Prunotto Barbaresco 2009
Nebbiolo from Piedmont, Italy
Garnet red in color, of good tonal intensity, complex in aroma with notes of red fruit and spices, full and velvety on the palate with a long finish and aftertaste. Its structured and full-bodied character make it an excellent match for meat dishes and for cheese. Serve at a temperature of 17° centigrade (62° Fahrenheit)
The Wine Advocate - "The 2009 Barbaresco blossoms on the palate with dried herbs, tobacco, crushed flowers and sweet red berries. The aromas and flavors are those of a warm vintage, yet there is considerable structure underpinning the fruit. Although likely to be a relatively fast-maturing wine, the 2009 should probably be cellared for another year or two to allow the tannins to soften. This is quite impressive for an entry-level Barbaresco. Anticipated maturity: 2014-2021. This is a terrific set of new releases from Prunotto. In particular, this year I was impressed with the quality and consistency of the entry-level offerings. "
James Suckling - "Aromas of peaches, plums and strawberries with hints of flowers. Medium to full body, with hints of cocoa, berry and orange. It builds on the finish. Very subtle and intriguing wine. Drink or hold."
Wine Spectator - "Charming and accessible, this smooth red evokes cherry, herb and underbrush aromas and flavors. Tightens up on the finish, where the muscular tannins take over. Shows good balance overall. Best from 2015 through 2025."
Wine Enthusiast - "This opens with aromas of sweet marzipan and bright forest berry, with subtle tones of ginger, cola and chopped herb filling in the background. It is tight and firmly astringent; drink after 2018."
International Wine Cellar - "Pale amber-red color. Pretty aromas of dried flowers and menthol. Quite closed at present, showing moderately deep juicy red fruit and mint flavors and modest flesh. Finishes with firm, dusty tannins. This very young Barbaresco gained weight with aeration. I'd wait a year or two before pulling the cork."
Following World War II, Alfredo Prunotto and his wife took over and restored an old cooperative winery called "Vini delle Langhe", establishing a new era under the Prunotto name. Prunotto imposed new standards on production, elevating the level of quality and succeeding in exporting his wines to several countries. Prunotto was the first winery to individually select grapes from the finest vineyards and to designate the name of the vineyard (cru) as a symbol of the quality and specific characteristics of the wine.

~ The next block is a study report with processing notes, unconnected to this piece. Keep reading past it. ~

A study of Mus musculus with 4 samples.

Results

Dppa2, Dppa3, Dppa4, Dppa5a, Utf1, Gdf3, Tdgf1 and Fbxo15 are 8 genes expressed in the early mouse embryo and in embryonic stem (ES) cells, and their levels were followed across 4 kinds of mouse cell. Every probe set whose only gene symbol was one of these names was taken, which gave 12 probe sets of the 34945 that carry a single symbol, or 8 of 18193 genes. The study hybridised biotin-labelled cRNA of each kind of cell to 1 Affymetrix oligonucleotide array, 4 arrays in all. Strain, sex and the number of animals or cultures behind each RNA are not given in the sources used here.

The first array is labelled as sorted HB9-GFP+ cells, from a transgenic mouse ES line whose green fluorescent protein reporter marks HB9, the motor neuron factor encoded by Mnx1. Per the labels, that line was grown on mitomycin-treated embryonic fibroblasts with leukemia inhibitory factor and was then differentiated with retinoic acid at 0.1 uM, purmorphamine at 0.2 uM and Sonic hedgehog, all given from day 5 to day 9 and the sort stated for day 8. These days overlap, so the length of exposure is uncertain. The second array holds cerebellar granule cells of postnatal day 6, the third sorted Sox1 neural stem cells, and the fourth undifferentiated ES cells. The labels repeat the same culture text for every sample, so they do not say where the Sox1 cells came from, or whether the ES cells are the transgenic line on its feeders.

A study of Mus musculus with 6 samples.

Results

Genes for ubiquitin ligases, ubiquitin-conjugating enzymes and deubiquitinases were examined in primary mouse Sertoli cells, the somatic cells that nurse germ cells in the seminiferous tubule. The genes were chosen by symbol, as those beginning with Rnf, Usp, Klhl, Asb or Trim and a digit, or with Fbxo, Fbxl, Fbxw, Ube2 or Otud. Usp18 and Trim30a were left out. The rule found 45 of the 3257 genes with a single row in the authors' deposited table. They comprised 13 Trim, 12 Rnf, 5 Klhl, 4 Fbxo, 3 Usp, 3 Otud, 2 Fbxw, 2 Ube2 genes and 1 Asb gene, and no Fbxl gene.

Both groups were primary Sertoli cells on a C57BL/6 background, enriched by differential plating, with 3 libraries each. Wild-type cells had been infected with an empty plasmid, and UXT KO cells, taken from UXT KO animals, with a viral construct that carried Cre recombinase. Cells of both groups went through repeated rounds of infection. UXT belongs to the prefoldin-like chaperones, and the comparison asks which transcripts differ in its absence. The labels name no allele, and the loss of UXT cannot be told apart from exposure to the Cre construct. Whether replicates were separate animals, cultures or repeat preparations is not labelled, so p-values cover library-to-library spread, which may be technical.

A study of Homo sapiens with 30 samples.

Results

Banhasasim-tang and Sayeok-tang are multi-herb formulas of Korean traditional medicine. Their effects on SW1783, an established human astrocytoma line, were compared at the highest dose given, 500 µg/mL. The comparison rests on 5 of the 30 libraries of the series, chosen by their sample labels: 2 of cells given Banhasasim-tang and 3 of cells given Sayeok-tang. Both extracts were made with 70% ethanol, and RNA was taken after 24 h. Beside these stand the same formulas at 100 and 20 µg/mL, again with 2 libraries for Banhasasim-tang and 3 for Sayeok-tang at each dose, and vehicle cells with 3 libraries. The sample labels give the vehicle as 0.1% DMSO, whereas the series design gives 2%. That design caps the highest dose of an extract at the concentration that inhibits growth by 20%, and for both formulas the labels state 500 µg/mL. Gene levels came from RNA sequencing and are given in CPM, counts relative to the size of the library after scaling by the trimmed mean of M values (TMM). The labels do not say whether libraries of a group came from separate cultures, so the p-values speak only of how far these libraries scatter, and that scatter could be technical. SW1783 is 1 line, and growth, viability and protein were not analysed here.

The Antinori group purchased the winery in 1989 and made great investments towards improvements. The strategic vision brought by Antinori is well represented by the acquisition of prominent vineyards in the most exclusive areas: the Bussia vineyard, acquired in 1990, and the Bric Turot vineyard, bought in 1997, to name two.
Prunotto's desire to control every detail in all phases of production, starting from the vine and ending in the glass has become a distinctive feature of their high quality. The balance between tradition and innovation continues to be a distinctive feature of Prunotto wines. The meticulous care for each bottle is the result of a century of experience, great passion for wine and love for the land of Piedmont. These characteristics made Prunotto a leader in the production of Alba's finest wines. View all Alfredo Prunotto Wines
About PiedmontView a map of Piedmont wineries (PEED-mont)
Notable FactsNot just regulated to red wine, Piedmont also produces some notable whites, particularly those near the district of Gavi and Asti. Gavi produces still white wine from the Cortese grape. The wine is dry with a crisp, citrus-like acidity – fairly neutral but pleasant. Arneis is another grape/wine made in the area, creating a fuller wine that displays some nuttiness in the aroma and taste. Asti is well known for its sparkling wine – in particular Asti Spumante and Moscato d'Asti. Asti Spumante is typically higher in alcohol, sweetness & fizziness, while its higher-class cousin, Mostcato d'Asti, contains lower alcohol levels, a few less bubbles, and a more restrained and delicate representation of Moscato fruit.
A little ditty about Italy...This country has about as many wines as its had governments. With 20 different regions, hundreds of DOCs and even more indigenous varieties, the amount of wine made in Italy is mind-boggling. Most of the juice, however, remains in the country for thirsty Italians. Wine is food in Italy and its rare that a meal is consumed without a glass of vino. That said, it's not common to find many folks drinking wine without food either. In turn, it's a match, and a mighty good one at that. In fact, it's safe to say that Italian wine is a foodie wine – one that goes on the table for a myraid of meals.
For regions, the most popular are Tuscany (home of Chianti), Piedmont and the Tre-Venezie, which includes Veneto, Trentino Alto-Adige and Friuli. Other communes of note are in Southern Italy, and a few good wines are made elsewhere in the country. The islands of Sardinia and Sicily are members of the Italian winemaking community as well.